Live Streaming: This Is the New Selfie and Here’s How Big Brands Are Owning It


We’re all familiar with the modern “selfie” and have seen how celebs, businesses, teenagers, young professionals and pretty much everyone else in the world is using them to self-promote or share their lives in some way. Remember Ellen’s famous selfie at the Oscar’s? Or when Space Station astronaut Aki Hoshide snapped a picture of himself floating around in outer space?

Live Streaming video is quickly turning into the newest way of taking over social media. The New York Times uses it incessantly to grab live feeds of protest marches and other newsworthy events. Kanye used it to promote the release of his “Famous” music video. And brands around the world are using it as a way to make an awesome impression on consumers everywhere.

Video is a very specific medium that, depending on how it is used, can be completely addictive or entirely boring. This has to do with sheer pixels and bits and amounts of neural stimulation. Live video offers a  special and specific connection to the physical, real-time world of fellow humans. A picture is a memory – a live stream is reality. See the difference?

Check out some of these brands that are totally killing it with live streaming.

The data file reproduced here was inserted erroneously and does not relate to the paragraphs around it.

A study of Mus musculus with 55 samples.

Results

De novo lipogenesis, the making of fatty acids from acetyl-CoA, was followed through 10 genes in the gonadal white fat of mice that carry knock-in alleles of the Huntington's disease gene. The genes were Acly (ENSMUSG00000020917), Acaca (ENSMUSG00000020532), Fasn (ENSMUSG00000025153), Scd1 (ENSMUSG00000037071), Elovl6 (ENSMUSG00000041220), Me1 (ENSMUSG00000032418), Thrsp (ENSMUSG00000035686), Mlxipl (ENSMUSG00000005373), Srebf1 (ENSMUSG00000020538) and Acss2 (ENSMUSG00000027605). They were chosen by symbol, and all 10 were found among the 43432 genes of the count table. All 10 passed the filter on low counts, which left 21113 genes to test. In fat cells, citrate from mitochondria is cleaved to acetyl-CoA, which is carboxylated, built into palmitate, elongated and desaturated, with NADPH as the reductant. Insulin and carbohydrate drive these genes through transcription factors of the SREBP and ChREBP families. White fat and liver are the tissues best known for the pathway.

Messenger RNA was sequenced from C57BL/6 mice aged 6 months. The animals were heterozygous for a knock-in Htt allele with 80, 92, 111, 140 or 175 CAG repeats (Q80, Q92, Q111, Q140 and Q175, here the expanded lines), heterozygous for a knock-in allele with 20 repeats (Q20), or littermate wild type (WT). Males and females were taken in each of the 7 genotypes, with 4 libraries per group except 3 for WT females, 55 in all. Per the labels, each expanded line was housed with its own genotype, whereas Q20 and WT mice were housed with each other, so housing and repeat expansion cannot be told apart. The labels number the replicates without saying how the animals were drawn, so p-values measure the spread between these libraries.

The Metropolitan Museum of Art

The Met has used live videos to popularize openings, exhibitions and events. The preview of “Pergamon and the Hellenistic Kingdoms of the Ancient World” was broadcast four days before the exhibition and received 52,000 views and 1,200 shares within three weeks.

Disney and Airbnb

Airbnb partnered with Disney on a campaign called “Live There.” They built a treehouse set for a Facebook live stream of “The Jungle Book,” featuring interviews at the premiere.

Dunkin’ Donuts

America’s most beloved donut shop live streamed a tour of a test kitchen that ended with a construction of a donut wedding cake. The video resulted in 36,000 views.


Chevy used live streaming to announce a teaser for a release of their new electric car back in January 2016.


Target and Gwen Stefani teamed up to use Facebook Live to show some behind-the-scenes footage of the star filming her newest video.


Tastemade created a live version of the Tiny Kitchen series, using a miniature kitchen to cook tiny versions of food. The video ended up with over three million views.


Buzzfeed doesn’t sell products so they often stage interesting events to make advertising dollars, such as stretching rubber bands over a watermelon until it burst.

Why Does Live Streaming Work?

Live streaming is taking off and it’s time for the rest of us to get on board, just like these brands have. Live video piques viewer curiosities and promises unique value.

Hopefully these examples give you a little inspiration for your next live streaming event.

Looking for even more?  7 Ideas for Live Streaming Content.

Visit to learn more.



Expert in video tech, TV biz, prototyping, product strategy, marketing & sales.